99 Commercial Street

 
Sal’s Place

Restaurants come and go in Provincetown. Sal’s Place came in 1963 — almost a half century ago — and is still around, as is the founder and namesake, Salvatore Del Deo, though he’s no longer connected with the business. The restaurant is housed in the Union Wharf Building, an upland relic of the Union Wharf, which was built around 1830-1. This structure was the first home of the Seamen’s Savings Bank, from 1852 to 1868. It was here that Leander Rockwell, a seaman from Nova Scotia, made the first deposit of $36. The bank’s next move was only a short distance away, to the Union Exchange at 90 Commercial Street.

This was the property of Andrew T. Williams at the turn of the 20th century, at which time it was denominated 84 Commercial Street. The Skipper restaurant was open for business here in the 1950s, serving three meals a day year ’round. Just before Del Deo arrived, in the early 1960s, 99 Commercial served as the Front Street Gallery. If you’ve ever wondered: the Sal of Sal’s Place is indeed the Sal of Ciro & Sal’s, though the businesses were never connected. Sal Del Deo and Ciro Cozzi opened their restaurant in the East End in 1953 but their partnership dissolved in 1959.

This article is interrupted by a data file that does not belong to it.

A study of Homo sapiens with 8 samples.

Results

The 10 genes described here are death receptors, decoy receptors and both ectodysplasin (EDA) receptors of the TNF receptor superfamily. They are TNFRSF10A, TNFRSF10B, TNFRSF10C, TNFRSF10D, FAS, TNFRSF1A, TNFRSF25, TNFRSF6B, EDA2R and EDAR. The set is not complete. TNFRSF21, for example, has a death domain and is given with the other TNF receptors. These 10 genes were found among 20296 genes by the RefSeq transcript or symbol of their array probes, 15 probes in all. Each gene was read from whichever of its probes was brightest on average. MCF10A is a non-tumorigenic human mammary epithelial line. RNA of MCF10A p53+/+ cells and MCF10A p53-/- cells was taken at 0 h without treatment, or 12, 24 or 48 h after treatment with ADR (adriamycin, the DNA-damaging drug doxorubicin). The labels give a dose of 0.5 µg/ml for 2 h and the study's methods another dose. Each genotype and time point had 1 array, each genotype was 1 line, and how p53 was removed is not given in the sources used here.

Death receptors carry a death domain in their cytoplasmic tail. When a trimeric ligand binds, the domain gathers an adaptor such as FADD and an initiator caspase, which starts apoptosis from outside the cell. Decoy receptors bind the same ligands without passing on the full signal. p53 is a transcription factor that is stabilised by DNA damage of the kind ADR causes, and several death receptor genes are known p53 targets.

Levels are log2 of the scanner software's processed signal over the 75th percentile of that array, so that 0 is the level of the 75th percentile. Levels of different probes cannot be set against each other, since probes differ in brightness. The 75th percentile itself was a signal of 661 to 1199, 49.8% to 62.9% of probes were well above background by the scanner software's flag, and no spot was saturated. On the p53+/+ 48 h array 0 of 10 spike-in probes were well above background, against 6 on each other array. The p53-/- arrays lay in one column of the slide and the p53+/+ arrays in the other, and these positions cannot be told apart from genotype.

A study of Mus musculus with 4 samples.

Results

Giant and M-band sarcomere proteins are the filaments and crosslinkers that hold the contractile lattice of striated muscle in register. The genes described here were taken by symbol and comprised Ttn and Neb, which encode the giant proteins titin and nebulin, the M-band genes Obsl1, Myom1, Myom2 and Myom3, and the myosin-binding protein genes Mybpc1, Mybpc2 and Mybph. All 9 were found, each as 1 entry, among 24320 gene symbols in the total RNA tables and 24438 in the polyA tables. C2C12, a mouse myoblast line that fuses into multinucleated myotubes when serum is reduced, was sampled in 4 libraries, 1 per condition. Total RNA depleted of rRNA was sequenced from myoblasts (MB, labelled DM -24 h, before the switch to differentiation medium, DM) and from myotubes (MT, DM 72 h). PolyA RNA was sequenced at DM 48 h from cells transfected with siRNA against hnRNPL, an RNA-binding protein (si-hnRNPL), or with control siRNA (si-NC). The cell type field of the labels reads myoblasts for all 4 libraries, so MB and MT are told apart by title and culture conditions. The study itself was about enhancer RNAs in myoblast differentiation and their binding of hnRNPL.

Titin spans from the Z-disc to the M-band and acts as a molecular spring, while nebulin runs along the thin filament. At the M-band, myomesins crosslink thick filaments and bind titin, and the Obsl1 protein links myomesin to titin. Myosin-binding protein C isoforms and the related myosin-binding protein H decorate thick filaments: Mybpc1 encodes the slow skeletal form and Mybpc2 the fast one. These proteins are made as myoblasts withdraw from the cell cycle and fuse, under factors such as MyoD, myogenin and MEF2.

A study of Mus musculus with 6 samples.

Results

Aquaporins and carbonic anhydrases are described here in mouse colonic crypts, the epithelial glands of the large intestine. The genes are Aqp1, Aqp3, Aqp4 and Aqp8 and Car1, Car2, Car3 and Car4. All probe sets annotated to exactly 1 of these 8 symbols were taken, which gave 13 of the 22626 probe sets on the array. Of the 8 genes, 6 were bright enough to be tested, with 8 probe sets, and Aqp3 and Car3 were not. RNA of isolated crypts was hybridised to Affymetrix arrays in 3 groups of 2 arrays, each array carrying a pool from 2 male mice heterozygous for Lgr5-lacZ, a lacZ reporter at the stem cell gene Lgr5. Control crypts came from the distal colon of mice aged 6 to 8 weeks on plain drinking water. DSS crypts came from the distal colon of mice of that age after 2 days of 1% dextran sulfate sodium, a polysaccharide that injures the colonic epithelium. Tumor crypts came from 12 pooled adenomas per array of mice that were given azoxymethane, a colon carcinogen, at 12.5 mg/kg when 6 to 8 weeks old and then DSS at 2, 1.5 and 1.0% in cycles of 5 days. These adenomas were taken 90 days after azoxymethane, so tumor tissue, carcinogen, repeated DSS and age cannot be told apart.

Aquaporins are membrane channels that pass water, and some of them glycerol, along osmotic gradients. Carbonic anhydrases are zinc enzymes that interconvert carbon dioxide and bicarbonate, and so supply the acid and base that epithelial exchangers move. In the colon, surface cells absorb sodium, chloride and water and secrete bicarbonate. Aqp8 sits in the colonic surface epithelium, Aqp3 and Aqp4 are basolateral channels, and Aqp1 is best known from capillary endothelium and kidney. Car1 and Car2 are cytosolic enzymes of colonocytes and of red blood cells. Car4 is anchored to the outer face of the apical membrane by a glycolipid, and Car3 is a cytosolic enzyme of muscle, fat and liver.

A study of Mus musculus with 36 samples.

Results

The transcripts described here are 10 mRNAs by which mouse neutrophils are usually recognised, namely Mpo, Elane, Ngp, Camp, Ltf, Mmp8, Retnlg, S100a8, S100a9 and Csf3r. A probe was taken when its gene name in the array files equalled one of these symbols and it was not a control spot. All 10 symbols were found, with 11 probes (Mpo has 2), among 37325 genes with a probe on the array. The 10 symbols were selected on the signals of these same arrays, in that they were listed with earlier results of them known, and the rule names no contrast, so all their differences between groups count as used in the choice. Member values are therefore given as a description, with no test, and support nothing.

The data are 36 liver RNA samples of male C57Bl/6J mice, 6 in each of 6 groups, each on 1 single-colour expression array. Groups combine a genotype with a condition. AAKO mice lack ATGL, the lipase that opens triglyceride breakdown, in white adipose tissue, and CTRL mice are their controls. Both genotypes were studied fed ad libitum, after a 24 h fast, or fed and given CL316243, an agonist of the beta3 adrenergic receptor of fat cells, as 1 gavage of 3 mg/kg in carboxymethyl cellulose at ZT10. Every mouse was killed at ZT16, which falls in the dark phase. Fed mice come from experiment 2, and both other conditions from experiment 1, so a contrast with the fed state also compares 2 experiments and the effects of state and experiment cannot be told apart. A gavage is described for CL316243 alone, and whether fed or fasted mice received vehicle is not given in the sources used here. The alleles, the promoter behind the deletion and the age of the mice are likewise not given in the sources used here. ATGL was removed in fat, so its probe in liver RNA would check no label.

Three years later, Del Deo started a new restaurant here. The waterfront dining room was constructed in 1965 by Jesse Meads. The property includes the remnant of Union Wharf, with a couple of buildings. In her 1981 account of the restaurant, in A Taste of Provincetown (Shank Painter Publishing Company), Gillian Drake said that Sal’s offered “a pure Italian cucina and makes no attempt at international variations.” She said all four Del Deos — Josephine, the prominent preservationist; and the two children, Romolo and Giovanna — were actively involved in the restaurant. Drake continued:

Over the years, the restaurant has also served as a kind of gallery where many painters have shown their work, musicians have played, poets recited and friends have returned to check a photograph tacked up over their favorite table. Sal, a painter himself, thinks of his cooking as an art, and if you ask him, he’ll say — ‘Good artists make good cooks.’

Del Deo turned the business over in 1989 to Jack and Lora Papetsas, who had both worked at Sal’s and had patronized it. The restaurant is currently run by Lora Papetsas and her son, Alexander.